IVF may be as effective at helping people with endometriosis become pregnant as it is for those without.

Endometriosis can lead to inflammation, scarring, and atypical growths that affect different organs in the pelvic region. Depending on the location, this can interfere with overall function.

“For some people, these distortions can obstruct the fallopian tubes, making natural conception unlikely,” explains Alex Robles, MD, a fertility expert at Columbia University Fertility Center in New York, NY.

Structural changes and blockages aren’t the only ways endometriosis can affect fertility.

A 2017 review suggests that the condition may result in a reduction in egg quality, while a 2020 study suggests the disease can cause an inflammatory response that makes the body less hospitable to sperm.

“Typically, people will try to conceive on their own for a window of time — 6–12 months, depending on age,” says Rashmi Kudesia, MD, a reproductive endocrinology and infertility specialist at CCRM Houston Main Center in Houston, Texas.

You might also consider consulting with a fertility specialist to learn more about your options.

“Some physicians may recommend a stepwise approach — such as intrauterine insemination — while others may jump straight to IVF,” says Kudesia.

With that in mind, IVF may be the best option for people who:

The IVF process for people with endometriosis is typically the same as for people who don’t have endometriosis, according to Kudesia.

First, you’ll take 1–2 weeks of medication that helps stimulate the production of multiple eggs. This often includes:

“In patients with endometriosis, healthcare professionals may use some additional medications to suppress estrogen hormone levels throughout the process, as estrogen is a key hormone that can drive endometriosis growth,” says Robles.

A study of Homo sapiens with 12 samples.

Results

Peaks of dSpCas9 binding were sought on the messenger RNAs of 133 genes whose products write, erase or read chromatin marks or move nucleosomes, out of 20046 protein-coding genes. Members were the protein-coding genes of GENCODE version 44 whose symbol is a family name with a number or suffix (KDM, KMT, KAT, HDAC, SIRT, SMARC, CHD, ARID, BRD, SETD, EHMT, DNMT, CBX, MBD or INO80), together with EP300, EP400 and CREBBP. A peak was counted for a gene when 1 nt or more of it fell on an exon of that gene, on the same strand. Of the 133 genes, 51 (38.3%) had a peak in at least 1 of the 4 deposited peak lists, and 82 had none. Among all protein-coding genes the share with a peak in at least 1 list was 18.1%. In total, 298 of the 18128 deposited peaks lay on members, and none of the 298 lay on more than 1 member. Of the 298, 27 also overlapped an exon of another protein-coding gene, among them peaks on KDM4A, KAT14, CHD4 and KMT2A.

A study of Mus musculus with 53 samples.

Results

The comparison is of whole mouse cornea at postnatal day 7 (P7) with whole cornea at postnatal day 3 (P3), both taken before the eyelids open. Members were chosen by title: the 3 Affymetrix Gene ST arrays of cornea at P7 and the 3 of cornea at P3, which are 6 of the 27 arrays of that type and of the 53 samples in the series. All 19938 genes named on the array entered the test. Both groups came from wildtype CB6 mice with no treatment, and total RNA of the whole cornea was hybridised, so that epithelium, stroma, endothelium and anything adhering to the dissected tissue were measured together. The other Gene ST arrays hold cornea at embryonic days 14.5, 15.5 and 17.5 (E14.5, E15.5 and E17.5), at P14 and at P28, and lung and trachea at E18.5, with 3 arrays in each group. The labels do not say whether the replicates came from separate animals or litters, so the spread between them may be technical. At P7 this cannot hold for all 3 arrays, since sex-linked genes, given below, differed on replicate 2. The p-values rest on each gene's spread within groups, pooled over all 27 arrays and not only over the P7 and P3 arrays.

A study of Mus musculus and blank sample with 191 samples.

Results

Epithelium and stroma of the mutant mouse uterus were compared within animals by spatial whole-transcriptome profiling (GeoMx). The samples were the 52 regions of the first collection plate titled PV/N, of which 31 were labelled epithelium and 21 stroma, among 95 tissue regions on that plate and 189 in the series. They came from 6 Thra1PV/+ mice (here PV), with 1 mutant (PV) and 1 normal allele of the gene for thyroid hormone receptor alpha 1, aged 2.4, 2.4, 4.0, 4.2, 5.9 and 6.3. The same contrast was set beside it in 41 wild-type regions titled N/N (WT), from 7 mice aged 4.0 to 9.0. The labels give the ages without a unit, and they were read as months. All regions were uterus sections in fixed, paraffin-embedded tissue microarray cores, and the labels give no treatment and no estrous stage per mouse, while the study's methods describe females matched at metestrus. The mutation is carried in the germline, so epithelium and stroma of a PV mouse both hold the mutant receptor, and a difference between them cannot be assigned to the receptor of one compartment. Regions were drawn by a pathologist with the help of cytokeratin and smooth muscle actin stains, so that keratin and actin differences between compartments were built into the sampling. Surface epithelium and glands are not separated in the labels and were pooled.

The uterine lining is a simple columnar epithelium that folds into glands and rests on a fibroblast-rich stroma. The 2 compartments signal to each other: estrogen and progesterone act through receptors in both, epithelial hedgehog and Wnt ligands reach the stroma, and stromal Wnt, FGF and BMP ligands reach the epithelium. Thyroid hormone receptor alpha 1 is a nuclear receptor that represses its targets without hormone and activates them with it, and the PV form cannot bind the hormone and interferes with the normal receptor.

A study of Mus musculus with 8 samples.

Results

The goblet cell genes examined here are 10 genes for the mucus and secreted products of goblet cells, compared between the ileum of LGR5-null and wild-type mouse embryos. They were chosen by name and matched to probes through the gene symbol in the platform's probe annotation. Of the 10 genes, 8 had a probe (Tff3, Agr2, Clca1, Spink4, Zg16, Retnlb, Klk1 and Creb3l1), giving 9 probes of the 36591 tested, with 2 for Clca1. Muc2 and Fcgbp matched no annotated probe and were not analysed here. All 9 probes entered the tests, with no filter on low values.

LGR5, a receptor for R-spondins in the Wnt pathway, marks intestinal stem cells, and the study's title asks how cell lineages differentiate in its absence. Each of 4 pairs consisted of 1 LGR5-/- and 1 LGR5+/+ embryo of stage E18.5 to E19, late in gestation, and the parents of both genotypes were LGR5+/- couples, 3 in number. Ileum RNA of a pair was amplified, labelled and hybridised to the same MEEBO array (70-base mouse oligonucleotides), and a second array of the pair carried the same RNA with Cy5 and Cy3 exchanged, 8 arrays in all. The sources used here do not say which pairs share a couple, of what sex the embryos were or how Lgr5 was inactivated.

Your doctor will retrieve the eggs with the help of a transvaginal ultrasound probe and needle. While a minor surgery, healthcare professionals typically perform this procedure under sedation, explains Kudesia.

Next, they’ll take your egg(s) to a lab and mix them with your partner’s sperm sample in a petri dish. Then, they’ll carefully monitor the egg(s) to determine whether they’re developing as expected.

If sperm successfully fertilizes an egg, they can transfer the egg (now called a zygote) to your uterus through another surgical procedure.

Pregnancy only occurs if the zygote successfully attaches to the lining of your uterus. Your doctor will have you return in about 2 weeks to take a blood test and determine whether the treatment worked.

“Each patient and situation is unique, and some patients will require repeated cycles depending on their results,” says Robles.

Doctors may occasionally prescribe an estrogen supplement (such as estradiol) to people who don’t have endometriosis to help stimulate egg maturation.

Although healthcare professionals don’t generally recommend estrogen supplements for people who have endometriosis, the hormones can still increase your natural estrogen levels.

While short-lived, Robles says this spike in estrogen could theoretically lead to more disease-based inflammation and worsening endometriosis symptoms.

“When this is a concern, we can use medications to keep estrogen levels lower than usual,” she says.

There’s also a risk of puncturing endometrial cysts during egg retrieval.

“This is rare and typically would not lead to worsened symptoms,” says Kudesia. “But in some instances, the spillage of the cyst contents can occur and prolong the recovery.”

A fertility specialist can help you understand your options for pregnancy. If you aren’t sure where to start, the clinician in charge of your endometriosis care may be able to make a referral.

Together, you may determine that IVF is an appropriate and safe intervention for you, your body, and your family.

Gabrielle Kassel (she/her) is a queer sex educator and wellness journalist who is committed to helping people feel the best they can in their bodies. In addition to Healthline, her work has appeared in publications such as Shape, Cosmopolitan, Well+Good, Health, Self, Women’s Health, Greatist, and more! In her free time, Gabrielle can be found coaching CrossFit, reviewing pleasure products, hiking with her border collie, or recording episodes of the podcast she co-hosts called Bad In Bed. Follow her on Instagram @Gabriellekassel.